Computer Architecture - Operating Systems (CAOS)


Performance is not the only important metric anymore, and new metrics (such as security, power, total throughput, Quality of Service) are becoming more and more important. It seems clear that neither the hardware nor the software alone can achieve the desired performance and, at the same time, be compliant with these constraints.

The answer to these new challenges comes from hardware-software co-design. Computer Architectures and System Software should interact through a well-defined interface, exchanging run-time information, monitoring application progress and needs, and enforcing resource management.

Objectives

The CAOS research group carries out research mainly on real time and high performance computing with the following objectives:

  1. Deploying time-analysable and low-power processor designs for the real-time arena
  2. Proposing complexity-effective, low-power processor architectures with special emphasis on multicore/multithreaded architectures, and in particular in on-chip resources for high-performance and real-time domains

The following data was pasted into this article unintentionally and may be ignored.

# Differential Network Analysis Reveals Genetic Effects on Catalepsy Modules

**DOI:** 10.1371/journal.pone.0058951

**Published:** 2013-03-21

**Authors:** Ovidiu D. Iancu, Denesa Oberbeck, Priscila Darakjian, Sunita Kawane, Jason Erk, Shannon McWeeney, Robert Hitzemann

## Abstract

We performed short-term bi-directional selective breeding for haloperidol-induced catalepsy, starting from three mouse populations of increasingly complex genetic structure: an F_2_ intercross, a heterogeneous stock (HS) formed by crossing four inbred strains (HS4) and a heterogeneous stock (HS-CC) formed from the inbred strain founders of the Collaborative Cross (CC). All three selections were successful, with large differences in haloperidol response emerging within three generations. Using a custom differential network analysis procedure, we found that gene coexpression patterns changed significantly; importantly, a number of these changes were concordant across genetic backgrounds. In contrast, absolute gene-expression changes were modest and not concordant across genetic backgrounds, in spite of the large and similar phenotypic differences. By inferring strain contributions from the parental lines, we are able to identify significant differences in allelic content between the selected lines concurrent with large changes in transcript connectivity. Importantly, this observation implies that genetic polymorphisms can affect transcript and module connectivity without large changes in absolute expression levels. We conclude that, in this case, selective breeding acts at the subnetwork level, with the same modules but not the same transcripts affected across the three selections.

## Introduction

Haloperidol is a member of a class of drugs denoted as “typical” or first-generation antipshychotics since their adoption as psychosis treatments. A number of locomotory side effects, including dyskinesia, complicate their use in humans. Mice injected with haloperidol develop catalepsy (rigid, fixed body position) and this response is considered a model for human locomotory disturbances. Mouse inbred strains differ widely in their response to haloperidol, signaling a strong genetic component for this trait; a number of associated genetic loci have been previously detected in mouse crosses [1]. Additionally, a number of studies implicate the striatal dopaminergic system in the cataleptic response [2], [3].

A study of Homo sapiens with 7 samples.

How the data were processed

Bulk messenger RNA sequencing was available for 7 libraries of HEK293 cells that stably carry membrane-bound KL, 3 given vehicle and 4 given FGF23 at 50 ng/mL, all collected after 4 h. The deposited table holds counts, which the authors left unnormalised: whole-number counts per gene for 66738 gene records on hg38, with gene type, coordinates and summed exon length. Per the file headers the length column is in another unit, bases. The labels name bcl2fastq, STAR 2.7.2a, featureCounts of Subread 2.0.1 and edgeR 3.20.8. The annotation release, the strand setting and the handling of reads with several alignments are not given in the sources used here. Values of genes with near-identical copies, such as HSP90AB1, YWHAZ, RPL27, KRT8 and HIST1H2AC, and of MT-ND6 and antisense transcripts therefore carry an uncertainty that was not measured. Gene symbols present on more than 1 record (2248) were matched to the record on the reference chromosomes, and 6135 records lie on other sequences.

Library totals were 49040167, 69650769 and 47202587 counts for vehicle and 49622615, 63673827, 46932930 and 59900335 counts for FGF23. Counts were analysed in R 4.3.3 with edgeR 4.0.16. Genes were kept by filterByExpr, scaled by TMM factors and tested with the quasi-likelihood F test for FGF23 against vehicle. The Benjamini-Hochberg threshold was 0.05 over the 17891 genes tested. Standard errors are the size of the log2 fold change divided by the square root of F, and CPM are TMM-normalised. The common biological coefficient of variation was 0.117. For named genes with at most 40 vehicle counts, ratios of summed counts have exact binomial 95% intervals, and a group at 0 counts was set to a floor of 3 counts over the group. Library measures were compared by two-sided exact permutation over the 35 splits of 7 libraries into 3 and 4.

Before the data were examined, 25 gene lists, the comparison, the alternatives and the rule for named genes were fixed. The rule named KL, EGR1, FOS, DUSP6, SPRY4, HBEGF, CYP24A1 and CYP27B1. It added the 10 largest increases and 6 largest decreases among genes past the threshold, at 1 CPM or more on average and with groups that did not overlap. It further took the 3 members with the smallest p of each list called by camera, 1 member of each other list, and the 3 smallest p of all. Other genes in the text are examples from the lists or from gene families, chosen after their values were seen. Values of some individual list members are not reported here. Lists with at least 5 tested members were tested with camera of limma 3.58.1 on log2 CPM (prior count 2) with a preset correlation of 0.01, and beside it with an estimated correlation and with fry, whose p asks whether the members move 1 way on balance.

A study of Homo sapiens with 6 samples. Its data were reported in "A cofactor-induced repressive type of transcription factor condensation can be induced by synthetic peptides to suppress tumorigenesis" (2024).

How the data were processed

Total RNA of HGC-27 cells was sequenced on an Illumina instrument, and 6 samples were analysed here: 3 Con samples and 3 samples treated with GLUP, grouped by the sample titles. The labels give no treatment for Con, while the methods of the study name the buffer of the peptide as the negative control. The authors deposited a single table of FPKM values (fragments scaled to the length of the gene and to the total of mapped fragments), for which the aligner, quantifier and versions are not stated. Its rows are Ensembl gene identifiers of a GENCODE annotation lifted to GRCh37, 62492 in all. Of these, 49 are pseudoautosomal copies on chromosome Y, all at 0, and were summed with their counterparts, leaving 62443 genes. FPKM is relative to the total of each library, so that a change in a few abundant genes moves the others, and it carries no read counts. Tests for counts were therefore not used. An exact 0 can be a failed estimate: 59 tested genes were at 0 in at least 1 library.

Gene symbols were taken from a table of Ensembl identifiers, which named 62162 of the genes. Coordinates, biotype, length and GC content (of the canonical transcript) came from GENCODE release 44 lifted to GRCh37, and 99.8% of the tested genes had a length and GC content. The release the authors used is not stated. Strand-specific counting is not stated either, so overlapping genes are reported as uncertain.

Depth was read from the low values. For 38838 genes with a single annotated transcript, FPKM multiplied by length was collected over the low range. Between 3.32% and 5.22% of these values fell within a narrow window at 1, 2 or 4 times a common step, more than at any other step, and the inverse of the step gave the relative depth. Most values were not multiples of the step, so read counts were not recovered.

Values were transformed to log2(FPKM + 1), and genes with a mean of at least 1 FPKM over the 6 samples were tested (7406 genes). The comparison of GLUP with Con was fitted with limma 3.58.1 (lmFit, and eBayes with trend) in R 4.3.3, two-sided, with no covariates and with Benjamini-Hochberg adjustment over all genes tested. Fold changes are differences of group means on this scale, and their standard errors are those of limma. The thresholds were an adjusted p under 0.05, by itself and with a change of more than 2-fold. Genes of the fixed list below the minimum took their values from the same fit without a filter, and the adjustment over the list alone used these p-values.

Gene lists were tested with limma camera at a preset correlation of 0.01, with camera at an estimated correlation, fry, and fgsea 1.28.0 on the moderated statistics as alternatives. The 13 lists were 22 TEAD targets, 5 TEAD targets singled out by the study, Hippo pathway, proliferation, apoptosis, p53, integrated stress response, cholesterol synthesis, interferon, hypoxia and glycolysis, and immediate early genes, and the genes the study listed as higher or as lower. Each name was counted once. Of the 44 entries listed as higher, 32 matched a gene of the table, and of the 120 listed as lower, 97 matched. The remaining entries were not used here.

3. Developing tools that allow the evaluation of different alternatives of hardware and software. The use of powerful and trustable simulation tools allows us to make design space explorations and, hence, fair comparisons between different hardware/software designs
  4. Developing methodologies to fairly evaluate different processor designs. Understanding the bottlenecks of current processors is a key factor to make proposals that are of interest to industry.
  5. Designing and implementing power- and temperature- aware OS solutions for real time and high performance systems (scheduling, load balancing).
  6. Improving the interaction between hardware (processor) and software (operating system and run time environment).
  7. Facilitating the certification of critical real-time embedded systems against safety standards, both in terms of timing and functional correctness.
  8. Developing new parallel programming models and run-time systems applicable to both computing domains, i.e. high performance computing (HPC) and real-time embedded computing (EC), to exploit the performance opportunities of the newest many-core processor architectures and provide timing guarantees.